Fox News host Tucker Carlson and President Donald Trump this week both amplified a claim that masks don’t stop the spread of COVID-19, citing a weekly report from the Centers for Disease Control and Prevention published in early September.
The president and Carlson claimed masks don’t work because a large percentage of people who contracted the coronavirus in a study wore masks.
However, that’s an incorrect interpretation of the study and the CDC has pushed back against that idea since the message began spreading.
Did a CDC study prove masks don’t work?
No. The CDC has pushed back against that claim and stated people who think masks don't work are misinterpreting both the study and the CDC’s messaging.
WHAT WE FOUND
The study referenced by Carlson and Trump is the Morbidity and Mortality Weekly Report from Sept. 11. It specifically studied the prior behaviors of COVID-19 patients, based on interviews of a small sample size of outpatients from 11 academic medical facilities.
Of the 154 COVID-19 patients interviewed, 70.6% said they “always” wore a mask in the 14 days before illness onset and another 14.4% said they “often” wore a mask during the same period. Because of this, Carlson and Trump incorrectly claimed that it showed 85% of COVID-19 patients wear masks.
The CDC publicly said on Twitter this interpretation of the study is incorrect.
A CDC spokesperson told the VERIFY team in an email, “In studies like the MMWR published in September, it is difficult to detect the effect of an exposure or intervention when it is widely deployed or used. Both cases and controls in the study had high levels of mask use. They were likely achieving sufficient protection within their social network. However, in restaurants and other places where food and beverages are consumed, masks cannot be used. These are locations where even mask users become vulnerable by dropping their guard to exposure.”
So, the CDC said that mask use was high among both the case group, that’s the COVID-19 patients, and the control group, symptomatic patients who tested negative for COVID-19. Nearly 89% of the 160 control group patients wore masks always or often, so there really wasn’t a difference in mask use by the two groups.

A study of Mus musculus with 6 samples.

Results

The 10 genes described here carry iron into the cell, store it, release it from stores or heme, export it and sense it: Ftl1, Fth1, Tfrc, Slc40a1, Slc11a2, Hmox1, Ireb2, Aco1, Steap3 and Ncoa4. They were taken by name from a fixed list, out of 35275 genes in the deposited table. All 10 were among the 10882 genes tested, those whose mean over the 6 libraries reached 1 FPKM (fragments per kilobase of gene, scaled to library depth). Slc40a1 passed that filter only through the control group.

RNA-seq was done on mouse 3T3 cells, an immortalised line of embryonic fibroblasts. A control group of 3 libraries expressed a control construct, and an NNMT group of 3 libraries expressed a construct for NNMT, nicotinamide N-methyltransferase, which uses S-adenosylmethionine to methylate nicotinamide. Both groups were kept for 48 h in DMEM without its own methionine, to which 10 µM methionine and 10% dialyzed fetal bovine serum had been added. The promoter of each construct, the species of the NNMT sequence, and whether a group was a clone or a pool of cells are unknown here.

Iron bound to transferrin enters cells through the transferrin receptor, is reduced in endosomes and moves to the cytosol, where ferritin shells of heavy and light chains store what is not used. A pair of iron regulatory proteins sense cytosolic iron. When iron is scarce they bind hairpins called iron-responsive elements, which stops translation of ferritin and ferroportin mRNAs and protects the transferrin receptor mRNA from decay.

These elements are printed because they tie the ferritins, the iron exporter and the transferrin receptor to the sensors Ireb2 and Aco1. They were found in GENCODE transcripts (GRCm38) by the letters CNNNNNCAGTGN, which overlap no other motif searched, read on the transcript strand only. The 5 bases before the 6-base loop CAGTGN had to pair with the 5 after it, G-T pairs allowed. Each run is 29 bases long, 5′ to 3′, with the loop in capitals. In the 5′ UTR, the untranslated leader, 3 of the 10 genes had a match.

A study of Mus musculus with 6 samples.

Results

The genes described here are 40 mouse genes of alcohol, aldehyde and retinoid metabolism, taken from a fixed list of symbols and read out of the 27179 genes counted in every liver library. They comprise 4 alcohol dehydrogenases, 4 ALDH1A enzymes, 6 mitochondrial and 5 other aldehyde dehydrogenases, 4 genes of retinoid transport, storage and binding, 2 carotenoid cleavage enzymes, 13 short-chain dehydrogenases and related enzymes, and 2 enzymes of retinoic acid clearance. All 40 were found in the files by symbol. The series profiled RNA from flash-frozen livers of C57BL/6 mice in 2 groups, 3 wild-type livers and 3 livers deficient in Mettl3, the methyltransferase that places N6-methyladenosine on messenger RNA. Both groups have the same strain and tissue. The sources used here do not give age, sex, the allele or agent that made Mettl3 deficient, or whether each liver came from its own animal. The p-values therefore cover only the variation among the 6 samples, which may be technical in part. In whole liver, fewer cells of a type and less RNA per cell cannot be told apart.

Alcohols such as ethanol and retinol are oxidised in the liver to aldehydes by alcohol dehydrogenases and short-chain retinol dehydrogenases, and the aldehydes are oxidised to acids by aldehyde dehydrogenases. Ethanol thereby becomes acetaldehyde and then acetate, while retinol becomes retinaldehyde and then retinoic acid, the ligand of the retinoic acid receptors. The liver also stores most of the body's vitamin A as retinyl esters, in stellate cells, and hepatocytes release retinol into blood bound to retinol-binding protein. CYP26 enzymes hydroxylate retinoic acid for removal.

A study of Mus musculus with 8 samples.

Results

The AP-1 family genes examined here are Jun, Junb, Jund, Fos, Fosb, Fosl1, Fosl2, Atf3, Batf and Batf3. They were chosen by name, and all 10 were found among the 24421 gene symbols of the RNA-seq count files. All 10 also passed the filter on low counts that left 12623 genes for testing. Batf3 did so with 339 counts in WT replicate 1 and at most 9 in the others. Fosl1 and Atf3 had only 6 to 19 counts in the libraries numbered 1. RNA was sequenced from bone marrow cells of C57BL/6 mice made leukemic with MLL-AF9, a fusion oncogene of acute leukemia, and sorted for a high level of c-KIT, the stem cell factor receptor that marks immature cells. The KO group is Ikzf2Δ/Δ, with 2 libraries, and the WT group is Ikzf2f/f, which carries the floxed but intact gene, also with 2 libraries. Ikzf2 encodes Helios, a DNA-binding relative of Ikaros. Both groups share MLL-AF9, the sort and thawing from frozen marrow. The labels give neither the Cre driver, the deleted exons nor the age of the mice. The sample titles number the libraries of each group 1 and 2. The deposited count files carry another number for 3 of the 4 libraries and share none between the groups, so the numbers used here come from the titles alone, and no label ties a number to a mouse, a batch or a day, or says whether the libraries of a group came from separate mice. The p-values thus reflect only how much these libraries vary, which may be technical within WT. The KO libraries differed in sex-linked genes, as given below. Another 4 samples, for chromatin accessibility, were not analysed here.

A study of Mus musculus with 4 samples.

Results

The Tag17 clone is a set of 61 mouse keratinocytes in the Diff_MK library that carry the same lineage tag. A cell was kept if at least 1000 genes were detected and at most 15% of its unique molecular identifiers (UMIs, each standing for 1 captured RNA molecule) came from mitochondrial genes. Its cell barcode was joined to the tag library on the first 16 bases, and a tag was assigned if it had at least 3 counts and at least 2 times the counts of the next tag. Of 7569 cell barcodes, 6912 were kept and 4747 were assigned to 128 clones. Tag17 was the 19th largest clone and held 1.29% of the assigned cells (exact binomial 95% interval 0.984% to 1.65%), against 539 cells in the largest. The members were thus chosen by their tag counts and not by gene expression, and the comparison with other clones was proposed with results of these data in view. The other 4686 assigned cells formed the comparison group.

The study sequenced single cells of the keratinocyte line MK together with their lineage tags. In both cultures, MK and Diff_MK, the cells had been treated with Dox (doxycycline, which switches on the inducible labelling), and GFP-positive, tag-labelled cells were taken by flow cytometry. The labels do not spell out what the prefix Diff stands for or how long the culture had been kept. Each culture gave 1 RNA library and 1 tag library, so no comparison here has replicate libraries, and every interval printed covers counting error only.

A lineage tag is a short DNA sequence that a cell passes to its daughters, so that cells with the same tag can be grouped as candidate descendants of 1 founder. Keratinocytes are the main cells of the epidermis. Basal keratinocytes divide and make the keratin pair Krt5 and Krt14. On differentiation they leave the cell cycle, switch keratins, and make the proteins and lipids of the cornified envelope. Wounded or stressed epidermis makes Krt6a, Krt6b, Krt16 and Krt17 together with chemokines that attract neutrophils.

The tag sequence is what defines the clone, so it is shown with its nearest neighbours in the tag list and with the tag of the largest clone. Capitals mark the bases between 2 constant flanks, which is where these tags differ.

The CDC also noted in their emailed statement that masks cannot be used in places like restaurants. In fact, 41% of the case patients said they had gone to a restaurant in the last 14 days before they became ill, while only 28% of the control group said they had been to a restaurant. It’s the largest difference in participation in a single activity between the two groups in the entire report.
The CDC spokesperson also noted in their email, “CDC guidance on masks has clearly stated that wearing a mask is intended to protect other people in case the mask wearer is infected. At no time has CDC guidance suggested that mask[s] were intended to protect individual wearers.” That’s consistent with CDC’s messaging since they first issued guidance that the general public should wear masks.
Messaging about masks everywhere on the COVID-19 section of the CDC website, from the COVID-19 FAQ page, to the general mask homepage and the page on considerations for masks, all highlight that the primary purpose of masks during the COVID-19 pandemic is to prevent the wearer from spreading the virus to others. This is because people with COVID-19 can be infectious before they experience symptoms, while they’re experiencing mild symptoms and even while they’re asymptomatic.
That means even if someone is wearing a mask while grocery shopping, the virus can still be spread to them by someone nearby who isn’t wearing a mask.
Medical experts have largely argued that wearing masks reduces the spread of COVID-19, but doesn't eliminate the spread entirely.
That's important to note because these claims also ignore the sample of people in this CDC report. The 154 COVID-19 patients and the 160 control patients came from 11 medical facilities spread among just 10 states. That sample isn’t necessarily representative of the nationwide populace, and the study itself notes that as one of its limitations.
If patients from a hospital in an area where mask usage is high are interviewed, it’s more likely most patients will have worn masks before getting COVID-19. But even if every COVID-19 patient exiting a hospital in that area has worn a mask, that doesn’t mean masks are failing if the area is still seeing less spread of COVID-19 than the national average.
The CDC study doesn’t break down the data of general mask usage for each hospital’s wider area and the overall rate of COVID-19 spread in those areas. The goal of the study wasn’t to measure the effectiveness of mask use, but instead to measure common points of exposure to COVID-19.
But a number of studies have suggested masks are effective in curbing the spread of COVID-19.
“Growing evidence increasingly shows that wearing masks in community settings reduces transmission among individuals in that community," the CDC spokesperson said. "There are laboratory studies, animal studies, community and epidemiological studies, as well as policy studies that show masking reduces transmission in communities conferred largely by source control (blocking exhaled respiratory droplets) and as personal protection (prevents inhalation of infected respiratory particles).”
So, the bottom line is that this one study doesn’t contradict those many other studies supporting the use of masks.
Something you'd like VERIFIED? Click here to submit your story.